For all the global fame and fortune that comes with winning the Indianapolis 500 twice, Dan Wheldon felt home in St. Petersburg.
He tooled along Fourth Street, stopped at Starbucks and doted on his young sons at his Snell Isle home. A native of England, he fully adopted St. Petersburg as his home.
The 33-year-old race car driver was killed Sunday in a 15-car crash at the IndyCar season finale in Las Vegas, leaving family, friends and racing acquaintances stunned.
"It's a tremendous blow for this sport and his adopted city," St. Petersburg Mayor Bill Foster said. "All I can think about is his wife and children at this time. As a community, we're just going to lift his family up and make sure they're supported.
"He was a member of this community. … He loved St. Pete. This was his home. We adopted him as our favorite racing son."
Wheldon's car sailed through the air just 11 laps into race, catching fire and slamming into the catch fence outside Turn 2 at Las Vegas Motor Speedway.
He was taken to University Medical Center in a helicopter. IndyCar announced at 6 p.m. that he was pronounced dead. An autopsy was planned for today.
"What can you say? We're going to miss him," said Chip Ganassi, Wheldon's former car owner. "Everybody in IndyCar died a little today."
The race was only a few minutes old when Wheldon, who started at the back of the 34-car field and was eligible for a $5 million payday had he won, was caught up toward the tail end of a wreck that started when two cars touched tires.
Several cars burst into flames, including Wheldon's, and debris was all over the track.
The race was stopped for two hours to clean the track and — in a move believed to be unprecedented in a major race following a driver's death — the race was not finished.
Instead, drivers took part in a five-lap salute then stopped.
"IndyCar is very sad to announce that Dan Wheldon has passed away from unsurvivable injuries," IndyCar CEO Randy Bernard said. "Our thoughts and prayers are with his family today. IndyCar, its drivers and owners, have decided to end the race."
When drivers returned to the track, Wheldon's No. 77 was the only one on the towering scoreboard. Dario Franchitti, a former teammate of Wheldon's, sobbed uncontrollably as he got back into his car for the tribute laps. Over speakers at the track, the song Danny Boy blared followed by Amazing Grace as hundreds of pit crew workers stood solemnly.
"One minute you're joking around at driver intros. The next, Dan's gone," said Franchitti, whose wife, actor Ashley Judd, had to bring him a box of tissues. "I lost, we lost, a good friend. Everybody in the IndyCar series considered him a friend. He was such a good guy. He was a charmer."
Wheldon won the IndyCar series title in 2005, a season he started by winning the Grand Prix of St. Petersburg and also captured his first Indy 500. The native of Emberton, England, moved to Snell Isle shortly before winning the St. Petersburg race.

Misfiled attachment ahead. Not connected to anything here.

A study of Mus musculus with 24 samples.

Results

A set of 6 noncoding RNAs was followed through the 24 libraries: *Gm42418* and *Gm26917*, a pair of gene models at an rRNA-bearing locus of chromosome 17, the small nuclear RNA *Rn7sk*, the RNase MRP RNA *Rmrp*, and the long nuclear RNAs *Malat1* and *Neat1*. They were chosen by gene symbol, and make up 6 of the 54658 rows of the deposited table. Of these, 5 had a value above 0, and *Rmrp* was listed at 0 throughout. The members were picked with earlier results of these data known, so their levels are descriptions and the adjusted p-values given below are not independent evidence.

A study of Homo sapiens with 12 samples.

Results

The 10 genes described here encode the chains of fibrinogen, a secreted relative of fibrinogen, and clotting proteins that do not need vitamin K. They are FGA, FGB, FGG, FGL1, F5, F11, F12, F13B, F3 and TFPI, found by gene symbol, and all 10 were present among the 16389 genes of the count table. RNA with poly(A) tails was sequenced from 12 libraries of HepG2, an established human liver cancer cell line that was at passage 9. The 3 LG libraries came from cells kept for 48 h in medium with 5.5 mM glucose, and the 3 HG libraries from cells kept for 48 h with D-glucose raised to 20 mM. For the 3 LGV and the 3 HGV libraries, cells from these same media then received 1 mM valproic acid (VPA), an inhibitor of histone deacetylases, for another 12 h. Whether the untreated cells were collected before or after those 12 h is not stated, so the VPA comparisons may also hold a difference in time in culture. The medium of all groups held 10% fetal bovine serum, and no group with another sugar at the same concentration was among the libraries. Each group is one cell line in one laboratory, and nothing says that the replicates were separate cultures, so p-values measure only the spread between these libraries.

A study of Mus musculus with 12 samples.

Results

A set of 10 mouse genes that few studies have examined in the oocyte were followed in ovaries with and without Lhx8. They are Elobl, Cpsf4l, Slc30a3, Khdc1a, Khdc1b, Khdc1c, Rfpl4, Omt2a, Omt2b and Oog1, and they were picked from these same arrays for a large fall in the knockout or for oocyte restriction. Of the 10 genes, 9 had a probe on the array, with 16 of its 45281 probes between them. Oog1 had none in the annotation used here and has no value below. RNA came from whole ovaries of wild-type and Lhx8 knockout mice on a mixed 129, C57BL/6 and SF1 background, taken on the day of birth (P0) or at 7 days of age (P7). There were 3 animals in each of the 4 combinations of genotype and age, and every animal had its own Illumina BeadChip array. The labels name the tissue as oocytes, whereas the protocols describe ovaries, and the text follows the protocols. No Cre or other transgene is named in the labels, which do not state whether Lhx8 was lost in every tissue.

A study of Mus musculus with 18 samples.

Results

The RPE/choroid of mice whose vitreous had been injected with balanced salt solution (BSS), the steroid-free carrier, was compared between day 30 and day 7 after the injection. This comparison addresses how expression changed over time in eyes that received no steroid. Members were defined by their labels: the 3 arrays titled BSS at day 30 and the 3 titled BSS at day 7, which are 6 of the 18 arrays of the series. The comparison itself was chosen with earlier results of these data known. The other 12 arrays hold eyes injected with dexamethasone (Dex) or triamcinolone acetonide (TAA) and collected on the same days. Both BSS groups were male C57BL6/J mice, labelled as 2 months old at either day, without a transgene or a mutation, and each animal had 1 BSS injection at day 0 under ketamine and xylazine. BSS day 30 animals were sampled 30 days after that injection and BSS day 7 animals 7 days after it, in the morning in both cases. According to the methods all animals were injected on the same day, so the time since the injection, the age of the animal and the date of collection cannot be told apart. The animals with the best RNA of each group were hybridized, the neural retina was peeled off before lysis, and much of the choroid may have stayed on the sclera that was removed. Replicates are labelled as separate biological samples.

"I was born and raised in England, but the people in this city have adopted me," Wheldon said in May as he prepared for this year's Indy 500, which he won. "I have so much support."
Former St. Petersburg Mayor Rick Baker was in office when IndyCar ran its first race around St. Petersburg's downtown streets — the first road course race in series history.
"It's a very sad day for Indy racing, and it's very sad day for St. Petersburg," said Baker, an Indianapolis native. "He always had a very positive attitude about everything. He was very positive about our city, very positive about racing.
"To me it's more of loss on a personal level."
Wheldon leaves wife, Susie, and sons Sebastian, 2, and Oliver, 7 months.
IndyCar had not had a fatality since Paul Dana at Homestead-Miami Speedway in 2006. He died after a crash in a morning warmup.
Sunday's wreck left Townsend Bell upside down as smoldering cars and debris littered the track nearly halfway up the straightaway of the 1.5-mile oval. The track was red-flagged, meaning the race stopped and cars called into the pits.
The 34-car field had one more entry than even the Indy 500, which takes place on a track a mile longer than Las Vegas. A few of the drivers in the field had not raced since Indy in May.
Wheldon passed several cars early but was well behind the first wave of cars that got into trouble. He could not avoid the wreck in front of him.
"I saw two cars touch each other up in front of me, and then I tried to slow down, couldn't slow down," driver Paul Tracy said. "Then Dan's car, from what I saw in the videos, came over my back wheel and over top of me. Just a horrendous accident."
Three other drivers, including championship contender Will Power, were hurt.
Drivers Pippa Mann and J.R. Hildebrand also were taken to a hospital after complaining of dizziness. IndyCar.com reported they were awake and alert and would remain in a hospital overnight for observation. Power was evaluated and released.
Drivers had been concerned about the high speeds at the track, where they were hitting nearly 225 mph during practice.
Franchitti avoided the accident and clinched his fourth series title.
"I could see within five laps people were starting to do crazy stuff. I love hard racing, but that to me is not really what it's about," Franchitti said before the announcement of Wheldon's death. "You saw what happened; one small mistake from somebody … ."
Times staff writer David DeCamp and Times wires contributed to this report.